Louisiana Gov. Bobby Jindal, right, talks with Pastor Marc Wallace of Denison, Iowa, during a meet-and-greet with local residents Sept. 2 in Denison.AP Photo/Charlie Neibergall

This article is from the archive of our partner National Journal

Come to Iowa early and often.

It's a strategy that helped lift candidates such as Mike Huckabee and Rick Santorum to victory in the last two Iowa caucuses, and one that Bobby Jindal adopted more seriously than any other Republican presidential candidate during the 2016 election cycle—though ultimately to no avail.

From Election Day 2014 through Tuesday, no White House hopeful spent more time on the ground in the state that kicks off the presidential nominating contest than Jindal, who logged a total of 70 days there, according to data compiled in National Journal's Travel Tracker. That accounts for nearly 60 percent of the days that the Louisiana governor spent on the trail during that period.

And Jindal wasn't planning to let up anytime soon. On Monday, his campaign sent out a press release detailing the next leg of his "99-County Believe Again Tour" of Iowa, which would have taken him to six cities over three days this week. But by Tuesday evening, Jindal was on Fox News announcing his decision to drop out of the presidential race.

A cash-strapped Jindal campaign was never able to gain traction in a crowded GOP field in Iowa or elsewhere during a campaign that has become nationalized and dominated by celebrity figures like Donald Trump, who draws media attention wherever he goes, diminishing the importance of putting in direct face time with caucusgoers for the governor and his rivals. 

"The problem was the 2016 race, because of the way the debates were set up, it put its priority on national polls," said Timmy Teepell, who managed Jindal's campaign. "It made it hard for folks who were spending a lot of time in early states to survive. You couldn't retail your way to it. You had to spend your time in New York City and Washington, D.C., green rooms."

"It used to be you could work your ass off in Iowa, and then catch fire and go from there," Teepell added. "Here, you weren't able to do that."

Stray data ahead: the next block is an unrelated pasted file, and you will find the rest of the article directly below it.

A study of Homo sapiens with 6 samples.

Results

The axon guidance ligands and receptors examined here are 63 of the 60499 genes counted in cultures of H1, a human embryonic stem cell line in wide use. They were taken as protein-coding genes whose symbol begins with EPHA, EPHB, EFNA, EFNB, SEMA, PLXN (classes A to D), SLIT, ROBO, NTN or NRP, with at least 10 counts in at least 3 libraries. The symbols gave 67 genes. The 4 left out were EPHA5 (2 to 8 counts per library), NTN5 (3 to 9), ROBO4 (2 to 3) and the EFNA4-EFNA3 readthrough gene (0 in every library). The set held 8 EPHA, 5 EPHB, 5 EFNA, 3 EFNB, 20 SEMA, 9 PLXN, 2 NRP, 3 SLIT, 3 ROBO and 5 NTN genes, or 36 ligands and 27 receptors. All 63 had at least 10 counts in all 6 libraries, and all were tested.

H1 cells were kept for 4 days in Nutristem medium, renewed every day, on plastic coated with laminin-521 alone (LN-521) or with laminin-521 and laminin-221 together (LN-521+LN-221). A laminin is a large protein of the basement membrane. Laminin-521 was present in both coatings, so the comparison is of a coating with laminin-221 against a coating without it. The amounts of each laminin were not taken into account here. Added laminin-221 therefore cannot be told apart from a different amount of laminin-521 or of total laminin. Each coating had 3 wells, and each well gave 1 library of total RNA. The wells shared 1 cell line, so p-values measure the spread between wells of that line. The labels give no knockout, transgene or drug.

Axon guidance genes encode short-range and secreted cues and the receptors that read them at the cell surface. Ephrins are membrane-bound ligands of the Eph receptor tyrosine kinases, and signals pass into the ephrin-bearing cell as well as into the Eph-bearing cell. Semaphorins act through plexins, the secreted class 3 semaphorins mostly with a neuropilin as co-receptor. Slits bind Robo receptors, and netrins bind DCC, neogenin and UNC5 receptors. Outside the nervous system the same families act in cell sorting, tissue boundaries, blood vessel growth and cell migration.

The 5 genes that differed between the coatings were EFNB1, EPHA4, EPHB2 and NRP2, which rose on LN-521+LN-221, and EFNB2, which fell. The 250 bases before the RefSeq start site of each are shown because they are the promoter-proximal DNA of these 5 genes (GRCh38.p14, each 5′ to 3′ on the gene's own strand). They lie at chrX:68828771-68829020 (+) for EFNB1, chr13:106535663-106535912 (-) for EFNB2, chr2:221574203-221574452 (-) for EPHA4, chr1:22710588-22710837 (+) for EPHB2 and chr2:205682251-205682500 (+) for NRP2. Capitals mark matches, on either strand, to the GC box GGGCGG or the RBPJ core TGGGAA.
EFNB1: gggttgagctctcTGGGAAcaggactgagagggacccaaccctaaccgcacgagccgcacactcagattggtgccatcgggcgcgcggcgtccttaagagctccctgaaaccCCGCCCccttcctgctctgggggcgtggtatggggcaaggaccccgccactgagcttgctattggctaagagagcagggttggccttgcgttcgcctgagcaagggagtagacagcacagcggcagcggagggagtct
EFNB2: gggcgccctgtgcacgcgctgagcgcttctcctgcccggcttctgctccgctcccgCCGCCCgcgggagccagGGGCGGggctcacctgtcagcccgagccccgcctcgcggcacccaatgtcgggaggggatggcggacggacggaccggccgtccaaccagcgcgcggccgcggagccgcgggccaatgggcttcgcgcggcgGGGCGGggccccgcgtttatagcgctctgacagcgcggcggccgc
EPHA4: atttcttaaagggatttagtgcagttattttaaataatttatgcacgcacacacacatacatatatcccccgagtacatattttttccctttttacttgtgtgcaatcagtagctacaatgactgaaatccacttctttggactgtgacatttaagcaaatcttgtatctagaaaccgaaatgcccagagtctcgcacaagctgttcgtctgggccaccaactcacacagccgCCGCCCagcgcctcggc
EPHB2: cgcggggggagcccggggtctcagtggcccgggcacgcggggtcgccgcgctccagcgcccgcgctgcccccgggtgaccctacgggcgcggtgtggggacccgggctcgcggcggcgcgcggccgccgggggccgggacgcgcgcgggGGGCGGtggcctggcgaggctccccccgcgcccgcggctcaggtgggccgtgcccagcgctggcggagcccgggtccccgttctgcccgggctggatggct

There were signs that Jindal's efforts in Iowa were slowly paying dividends, as his support levels and favorability ratings began to tick up in polls of Republicans in the state last month. But that trend didn't carry over to the national surveys that determined which candidates would qualify for the debates. Jindal did not make it onto the main stage for any of the four Republican debates, depriving him of the opportunity to introduce himself to a larger national audience.

Instead, he was crowded out not only by high-profile figures like Trump, but fellow social conservatives such as Ben Carson and Ted Cruz, who were all competing for the same critical voting bloc in Iowa. And even though he was physically in Iowa more often than his rivals, and an allied super PAC called Believe Again ran more than $3 million in positive TV ads over the summer, he lacked the resources to build a top-tier organization to effectively reach out to potential supporters when he wasn't in the state.

"When you don't have the Iowa connections, your guy can go all over the state but if you don't have the complimentary organization, it's just not going to happen," said Steve Scheffler, the president of the Iowa Faith & Freedom Coalition and Republican National Committee member.

Jindal isn't the only frequent Iowa visitor who has struggled to catch fire this campaign season. Santorum and Huckabee, hoping to repeat their performances, followed Jindal on the list for most days spent in the state over the past year at 55 and 39, respectively. But both candidates have been polling in the single-digits in Iowa and nationally for months. Santorum has yet to come close to meeting the polling threshold to earn a spot on the main debate stage. And Huckabee was demoted to the undercard for the fourth debate in Milwaukee.

Perry also put his short-lived presidential campaign's focus squarely on the state, but like Jindal was never able to build a following. Even though the former Texas governor ended his bid for the Republican nomination on Sept. 11, he still ranks sixth for most time on the ground in Iowa since the 2014 election at 26 days. That puts Perry ahead of political newcomers like Carson and Trump, who have topped recent polls of Iowa Republicans despite only spending around 20 days apiece in the state this cycle.

"There's a fever that's swept over the land, and it's changed the rules entirely," said Jaime Johnson, an evangelical pastor from Story City, Iowa, who served as a senior director for Perry's campaign. "For proven public servants like Scott Walker, Rick Perry and now Bobby Jindal -- all effective governors -- there's almost no room for these guys this year." 

Still, the electorate in Iowa is far from settled. There is plenty of support up for grabs in a state where caucus-goers are known to make up their minds at the last minute. Santorum, for instance, didn't start to surge in the polls until late in the 2012 campaign. Iowa-focused candidates in 2016 just hope they can survive long enough to see their efforts come to fruition in a similar fashion. 

"I think some of these candidates are placeholders," said Henry Barbour, a RNC member who served as an informal adviser to Rick Perry's campaign. "People aren't quite sure who they want to be for, and certain candidates strike their fancy, but as time goes by, they continue to vet these candidates and they make pretty good, educated decisions that's not just based on first impressions, but on what does this candidate really have to offer in way of experience and vision and ability." 


Libby Isenstein (Graphics) contributed to this article

This article is from the archive of our partner National Journal.